Chris Knipp Writing: Movies, Politics, Art



A clever teaser

This 13-minute film is a surreal little piece about a cub reporter called Niall (Thomas Nelstrop) brought by a sophisticated young woman associate, the suave, pretty Tamara (Sally Bretton, 'Donna' in 'The Office') to pick up photos of a youth called Michael just killed in a car crash. Writer Ben Clover based this on his own experiences as a fledgling journalist doing "death-knocks" for the South London Press. I had the same sort of job myself and can attest that if you don't have balls and a glib way with you you'll get the door slammed in your face. Niall's job is on the line, and Tamara is standing by in the car to make sure he succeeds this time, or he'll be sacked.

In the car on the way to see the bereaved mother Mrs Wright (April Nicholson), Tamara rehearses various introductory speeches and explains how psychology can be used to get your foot in the door and obtain information about a dead family member, and most importantly, those photographs. Nial, while presentable enough (he's a bland, attractive young everyman with a strong nose and lots of curly hair), is evidently less self-assured, and perhaps just about to put his foot in his mouth--and cause offense before he's let in, or after.

Not a bit of it. None of that matters. When he gets to the door and Mrs Wright appears, a strange mistaken identity has happened. Or has it? We are left to imagine what's going on with Mrs Wright and why Niall reacts with such strange passivity.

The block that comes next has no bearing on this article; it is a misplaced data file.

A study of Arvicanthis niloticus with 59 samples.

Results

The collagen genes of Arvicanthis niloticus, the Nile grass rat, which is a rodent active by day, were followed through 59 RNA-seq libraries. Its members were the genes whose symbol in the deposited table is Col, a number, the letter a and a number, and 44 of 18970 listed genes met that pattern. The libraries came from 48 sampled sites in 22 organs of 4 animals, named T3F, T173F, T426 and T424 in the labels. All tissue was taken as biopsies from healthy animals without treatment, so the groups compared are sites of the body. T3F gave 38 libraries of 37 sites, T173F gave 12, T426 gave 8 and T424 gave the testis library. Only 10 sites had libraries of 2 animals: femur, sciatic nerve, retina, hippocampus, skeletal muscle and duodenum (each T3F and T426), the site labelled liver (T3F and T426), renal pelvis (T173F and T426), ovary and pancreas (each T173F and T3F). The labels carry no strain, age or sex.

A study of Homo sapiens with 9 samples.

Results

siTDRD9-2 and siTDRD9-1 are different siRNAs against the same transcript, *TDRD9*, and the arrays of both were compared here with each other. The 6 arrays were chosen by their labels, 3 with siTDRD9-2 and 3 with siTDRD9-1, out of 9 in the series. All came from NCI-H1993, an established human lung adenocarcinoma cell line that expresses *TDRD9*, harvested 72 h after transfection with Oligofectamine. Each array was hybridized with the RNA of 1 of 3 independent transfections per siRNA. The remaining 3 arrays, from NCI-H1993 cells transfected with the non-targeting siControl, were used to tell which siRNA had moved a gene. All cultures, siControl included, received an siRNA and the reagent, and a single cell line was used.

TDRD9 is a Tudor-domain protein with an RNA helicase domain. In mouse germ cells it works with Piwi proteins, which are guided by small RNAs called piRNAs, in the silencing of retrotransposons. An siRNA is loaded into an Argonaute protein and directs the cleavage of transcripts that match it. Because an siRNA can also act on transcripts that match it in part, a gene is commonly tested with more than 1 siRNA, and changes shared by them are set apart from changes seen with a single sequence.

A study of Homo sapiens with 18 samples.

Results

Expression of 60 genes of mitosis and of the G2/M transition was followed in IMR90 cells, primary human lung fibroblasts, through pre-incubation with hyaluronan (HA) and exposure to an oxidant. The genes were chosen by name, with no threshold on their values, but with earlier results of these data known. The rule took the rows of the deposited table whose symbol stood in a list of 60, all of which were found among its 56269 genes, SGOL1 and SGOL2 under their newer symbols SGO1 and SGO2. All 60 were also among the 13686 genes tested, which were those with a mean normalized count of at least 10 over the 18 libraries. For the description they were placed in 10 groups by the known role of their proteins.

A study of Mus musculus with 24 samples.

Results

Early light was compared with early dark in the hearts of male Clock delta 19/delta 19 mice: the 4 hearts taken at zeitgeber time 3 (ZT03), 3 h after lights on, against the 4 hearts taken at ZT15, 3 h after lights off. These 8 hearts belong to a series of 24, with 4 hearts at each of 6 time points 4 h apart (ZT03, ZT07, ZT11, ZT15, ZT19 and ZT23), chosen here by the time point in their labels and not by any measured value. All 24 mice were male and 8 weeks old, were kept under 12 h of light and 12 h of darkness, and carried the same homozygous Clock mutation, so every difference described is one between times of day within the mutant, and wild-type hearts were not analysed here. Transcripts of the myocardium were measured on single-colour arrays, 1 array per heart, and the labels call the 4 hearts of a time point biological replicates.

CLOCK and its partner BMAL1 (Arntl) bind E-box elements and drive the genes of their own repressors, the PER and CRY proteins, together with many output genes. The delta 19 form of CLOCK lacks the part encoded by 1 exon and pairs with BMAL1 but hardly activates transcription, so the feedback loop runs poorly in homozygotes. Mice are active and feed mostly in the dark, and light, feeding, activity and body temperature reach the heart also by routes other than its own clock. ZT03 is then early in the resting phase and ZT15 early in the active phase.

Identities collapse and reassemble somewhat in the manner of Harold Pinter. There's a teasing dominance-submission setup between Niall and Tamara, then Niall and Mrs Wright, that's Pinter-like and sly. There's not so much of Pinter's menace. But a sudden onrush of unreality on a placid suburban street is always disquieting, if not downright terrifying. What happens isn't really better than getting the door slammed in your face: it's worse. There's a sickliness in Niall's surrender that reminds me of Pinter's 'The Servant.'

The film may be trying to communicate a little more information than quite gets across; Niall's attendance of the burial of his mum in the opening shots is a hint that gets somewhat lost. However, what 'A Fitting Tribute' does convey is haunting enough, The film's look is is elegant and clear. Young director Danial Cormack and writer Ben Clover make a good team. The accomplishment here well explains qualification for a UK Film Council Completion Fund Award and showcasing by the BBC Film Network. The BBC website also is to be congratulated for the accessibility and detail of its presentation of the film and all you need to know about it here. The clip of it there is not very high resolution, but it's all there. Gareth Davies did a smooth job on the editing; blackouts work here, enhancing the sense of mystery and transformation. Daniel Cormack and Sam Osborne did the photography. A promising piece of work that uses the short format to magnify hints and portents.